I recently attended the BPS joint CPD event between the Faculties of Intellectual Disabilities and for Children and Young People entitled Making the Transition. The focus was on what happens when young people with intellectual disabilities reach the transition cliff from child and young people’s services to adult services, usually at the age of eighteen. This event was especially pertinent for me, as I worked in a service for people with intellectual disabilities that transitioned from seeing people of all ages to an adults-only service when I was a trainee, which involved actually handing clients over to the new provider.
Eric Emerson launched the day with a stark statistic: four-fifths of young people transition to no services at the age of eighteen. Whilst this might be seen as heartening if they no longer need support from services, evidence suggests that they are likely to still need support. According to Emerson, people with mild to moderate intellectual disabilities are over-represented in this group, whilst being more likely to have engaged in risky health behaviours. This process seems to be mirrored in the configuration of services for adults with intellectual disabilities, which tend to be moving towards limiting access to people with mild to moderate intellectual disabilities, in the hope that they can use mainstream services.
Emerson recommended that interventions to tackle the issue of people being lost at transition age should look at addressing the adversities people face, and on building resilience. He said that the priority should be on building resilience, which can be affected by people’s personal capabilities, such as their intelligence level, their sense of hope and their spiritualities. It could also be affected by the caring people around them in their families and professional networks, as well as resources such as schools, local authority services, social capital and wealth. Psychological support can maximise people’s abilities to reach their potential in these areas. Families with relatively low socio-economic status were more likely to be repeatedly exposed to the damaging effects of poverty, and all people with intellectual disabilities tend to experience poorer health outcomes which are often potentially avoidable. Emerson felt addressing adversity was beyond the scope of psychology, although community psychologists such as Psychologists Against Austerity might disagree.
Jill McGarry and Dave Williams talked to the session about the approach they have implemented in Salford to give person-centred service planning. An interesting facet of their ethos was to “not be too distracted by newly introduced policy”, as all policies tend to stress similar goals, and over-adherence to specific policies can lead to deviation from overall service vision. Their main priority was to bring people back to Salford. They stressed several factors in achieving this, founded on a pro-active approach. Forging strong partnerships with local service providers and local authorities was key, and sometimes this could apparently lead to potentially blurred boundaries between professionals. The need for clarity around roles was therefore stressed. A helpful practical aspect of this was all staff working together in a large open-plan office, which facilitated discussion and sharing of ideas. Pooled budgets were coordinated with teams to make sure people were able to use the best possible care packages, and access to mainstream services was promoted, where appropriate. Attending monthly meetings with the eight local authorities was also prioritised. Members of the team also provide training to local service providers.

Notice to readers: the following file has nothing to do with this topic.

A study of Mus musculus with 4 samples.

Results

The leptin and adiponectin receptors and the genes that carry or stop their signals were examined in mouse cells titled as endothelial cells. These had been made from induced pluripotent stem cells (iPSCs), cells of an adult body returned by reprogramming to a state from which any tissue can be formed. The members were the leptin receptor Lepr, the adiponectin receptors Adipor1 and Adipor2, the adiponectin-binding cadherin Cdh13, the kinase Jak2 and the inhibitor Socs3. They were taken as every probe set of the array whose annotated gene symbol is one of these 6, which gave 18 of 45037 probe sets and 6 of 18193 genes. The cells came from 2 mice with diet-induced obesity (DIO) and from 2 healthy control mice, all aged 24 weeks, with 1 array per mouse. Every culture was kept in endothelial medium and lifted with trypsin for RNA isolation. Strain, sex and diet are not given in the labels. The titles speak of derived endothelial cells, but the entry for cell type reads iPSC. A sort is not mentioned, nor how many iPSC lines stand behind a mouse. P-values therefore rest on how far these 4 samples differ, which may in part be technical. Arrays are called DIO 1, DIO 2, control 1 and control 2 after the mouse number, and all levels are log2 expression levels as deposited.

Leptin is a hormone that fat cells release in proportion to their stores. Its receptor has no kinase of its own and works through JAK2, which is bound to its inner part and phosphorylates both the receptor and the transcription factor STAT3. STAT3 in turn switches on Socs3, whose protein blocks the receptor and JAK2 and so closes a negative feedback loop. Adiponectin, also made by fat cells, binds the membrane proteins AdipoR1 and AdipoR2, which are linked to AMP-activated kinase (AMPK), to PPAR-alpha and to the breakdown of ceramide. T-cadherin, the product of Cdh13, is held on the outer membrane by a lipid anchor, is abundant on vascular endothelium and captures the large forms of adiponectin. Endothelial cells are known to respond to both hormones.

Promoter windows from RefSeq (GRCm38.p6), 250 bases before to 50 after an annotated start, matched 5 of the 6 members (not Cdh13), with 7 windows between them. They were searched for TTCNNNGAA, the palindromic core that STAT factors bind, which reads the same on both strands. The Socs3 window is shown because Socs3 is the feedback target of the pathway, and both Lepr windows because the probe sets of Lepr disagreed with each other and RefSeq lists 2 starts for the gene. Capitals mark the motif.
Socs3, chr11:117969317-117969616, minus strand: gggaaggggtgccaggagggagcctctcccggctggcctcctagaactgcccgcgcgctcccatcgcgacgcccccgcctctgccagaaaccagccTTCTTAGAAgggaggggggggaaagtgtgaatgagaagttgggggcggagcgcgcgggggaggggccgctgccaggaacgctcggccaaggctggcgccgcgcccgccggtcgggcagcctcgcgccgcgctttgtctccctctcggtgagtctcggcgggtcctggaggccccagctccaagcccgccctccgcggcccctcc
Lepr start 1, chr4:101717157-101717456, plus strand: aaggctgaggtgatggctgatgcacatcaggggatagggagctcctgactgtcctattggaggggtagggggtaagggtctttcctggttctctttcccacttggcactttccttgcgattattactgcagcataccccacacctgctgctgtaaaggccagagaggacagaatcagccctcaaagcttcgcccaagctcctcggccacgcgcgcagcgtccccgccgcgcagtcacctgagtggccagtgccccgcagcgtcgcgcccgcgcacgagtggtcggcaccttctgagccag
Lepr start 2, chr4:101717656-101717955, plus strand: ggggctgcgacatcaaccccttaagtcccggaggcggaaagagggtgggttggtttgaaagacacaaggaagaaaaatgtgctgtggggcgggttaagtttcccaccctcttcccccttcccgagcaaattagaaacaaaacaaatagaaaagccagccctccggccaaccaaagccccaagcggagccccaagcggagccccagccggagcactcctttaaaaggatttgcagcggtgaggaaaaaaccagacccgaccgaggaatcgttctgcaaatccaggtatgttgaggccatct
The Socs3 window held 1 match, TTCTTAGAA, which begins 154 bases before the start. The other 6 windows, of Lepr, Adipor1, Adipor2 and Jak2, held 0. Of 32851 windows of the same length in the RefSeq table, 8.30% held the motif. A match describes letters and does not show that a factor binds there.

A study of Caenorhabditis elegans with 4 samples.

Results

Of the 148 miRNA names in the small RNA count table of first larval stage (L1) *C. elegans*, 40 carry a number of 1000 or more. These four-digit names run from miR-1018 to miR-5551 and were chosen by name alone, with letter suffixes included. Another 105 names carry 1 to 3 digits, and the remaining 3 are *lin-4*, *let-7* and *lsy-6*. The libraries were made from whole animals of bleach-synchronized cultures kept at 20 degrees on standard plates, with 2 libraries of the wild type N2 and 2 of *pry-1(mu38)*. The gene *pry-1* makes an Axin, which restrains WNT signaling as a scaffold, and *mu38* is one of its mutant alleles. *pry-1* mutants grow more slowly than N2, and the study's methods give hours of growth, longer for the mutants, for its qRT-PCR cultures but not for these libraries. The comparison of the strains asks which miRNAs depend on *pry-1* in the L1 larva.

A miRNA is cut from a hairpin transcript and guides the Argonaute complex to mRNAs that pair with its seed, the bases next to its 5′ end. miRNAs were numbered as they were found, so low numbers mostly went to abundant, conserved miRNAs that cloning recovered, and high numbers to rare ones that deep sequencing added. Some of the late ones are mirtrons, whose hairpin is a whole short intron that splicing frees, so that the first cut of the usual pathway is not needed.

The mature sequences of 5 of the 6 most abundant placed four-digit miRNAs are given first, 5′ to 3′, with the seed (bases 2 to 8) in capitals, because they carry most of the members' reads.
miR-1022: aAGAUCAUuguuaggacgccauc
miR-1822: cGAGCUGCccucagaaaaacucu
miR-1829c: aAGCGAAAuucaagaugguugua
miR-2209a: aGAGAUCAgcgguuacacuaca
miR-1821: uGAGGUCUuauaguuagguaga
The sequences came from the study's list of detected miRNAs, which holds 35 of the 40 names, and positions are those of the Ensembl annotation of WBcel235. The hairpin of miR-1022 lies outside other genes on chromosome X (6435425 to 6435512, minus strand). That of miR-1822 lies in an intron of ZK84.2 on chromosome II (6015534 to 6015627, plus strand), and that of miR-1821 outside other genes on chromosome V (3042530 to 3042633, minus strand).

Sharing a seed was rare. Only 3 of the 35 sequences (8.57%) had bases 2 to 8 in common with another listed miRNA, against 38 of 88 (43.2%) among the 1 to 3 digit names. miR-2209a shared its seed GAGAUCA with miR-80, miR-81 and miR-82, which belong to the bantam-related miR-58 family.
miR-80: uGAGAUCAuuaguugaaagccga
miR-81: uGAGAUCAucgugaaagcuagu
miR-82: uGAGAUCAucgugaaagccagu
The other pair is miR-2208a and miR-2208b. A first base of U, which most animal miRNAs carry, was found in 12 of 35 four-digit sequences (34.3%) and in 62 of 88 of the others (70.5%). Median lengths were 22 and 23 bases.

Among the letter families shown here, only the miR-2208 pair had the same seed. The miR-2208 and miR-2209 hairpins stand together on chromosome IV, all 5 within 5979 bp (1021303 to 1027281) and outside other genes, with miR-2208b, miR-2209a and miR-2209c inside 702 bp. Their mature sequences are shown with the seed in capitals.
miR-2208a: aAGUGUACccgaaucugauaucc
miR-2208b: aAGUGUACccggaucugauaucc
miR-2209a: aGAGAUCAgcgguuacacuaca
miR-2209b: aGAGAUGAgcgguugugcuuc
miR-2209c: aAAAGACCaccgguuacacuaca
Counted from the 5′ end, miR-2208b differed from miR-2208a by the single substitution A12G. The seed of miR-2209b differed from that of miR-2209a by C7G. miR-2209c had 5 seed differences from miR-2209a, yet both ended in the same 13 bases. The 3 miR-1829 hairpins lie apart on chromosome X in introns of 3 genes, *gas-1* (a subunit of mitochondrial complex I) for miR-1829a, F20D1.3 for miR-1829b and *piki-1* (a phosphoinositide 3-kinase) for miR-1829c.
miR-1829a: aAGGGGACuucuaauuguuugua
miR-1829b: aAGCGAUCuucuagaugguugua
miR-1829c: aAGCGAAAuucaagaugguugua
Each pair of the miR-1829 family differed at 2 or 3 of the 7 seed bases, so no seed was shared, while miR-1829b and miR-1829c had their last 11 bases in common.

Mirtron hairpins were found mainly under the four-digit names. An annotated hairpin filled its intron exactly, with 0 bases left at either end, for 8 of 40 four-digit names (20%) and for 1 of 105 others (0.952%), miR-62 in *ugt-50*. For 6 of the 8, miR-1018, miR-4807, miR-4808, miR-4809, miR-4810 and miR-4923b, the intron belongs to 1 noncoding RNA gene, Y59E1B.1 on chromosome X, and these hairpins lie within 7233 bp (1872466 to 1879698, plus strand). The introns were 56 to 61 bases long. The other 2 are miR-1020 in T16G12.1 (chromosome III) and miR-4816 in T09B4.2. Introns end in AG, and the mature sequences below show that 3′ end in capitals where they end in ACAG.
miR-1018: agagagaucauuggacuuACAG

The Salford approach to building and maintaining community services has had striking results: physical restraint has been abolished for all but two clients in the area. This was attributed to the shift towards pro-active and not re-active interventions: the trigger for their challenging behaviour pathway is a change in behaviour, and not someone being in a crisis as is often the case in services. Positive Behavioural Support is used universally, which has apparently made a huge difference once implementation was complete. Services are also made aware that consultation is available prior to a referral at any time, potentially reducing eventual referrals. This openness to consultation facilitates communication between agencies and would therefore hopefully also help to cut the chance of people being lost at the stage of transition from child to adult services.
Clients from Safety Net Youth, a Hammersmith and Fulham service for young people transitioning to adult services, generously gave their time to tell us about their experiences of using the service and their hopes for the future. It was great to hear their perspectives.
Moving forwards, suggestions for potential ways to improve people’s experiences as they transition from services for children and young people to adults services included clinicians having split posts, so they were embedded in both child and adult services, which seems to make a lot of sense: they would span the gap between services. The possibility of trainees also having placements in adult and child services for people with intellectual disabilities was also mooted. I had a more radical idea too, albeit one which might be hard to implement: how about services linked to generations rather than age groups? In this structure, teams would be assigned to people based on their generation, and then travel with them throughout their lives. This would mean that clients would not have a health service transition, even if they did with other services, allowing for continuity of care and for valuable information about clients to be held within the team throughout their lives. If this is unrealistic, perhaps we need to consider other ways that we can support continuity for people, especially at a life stage that is challenging for everyone.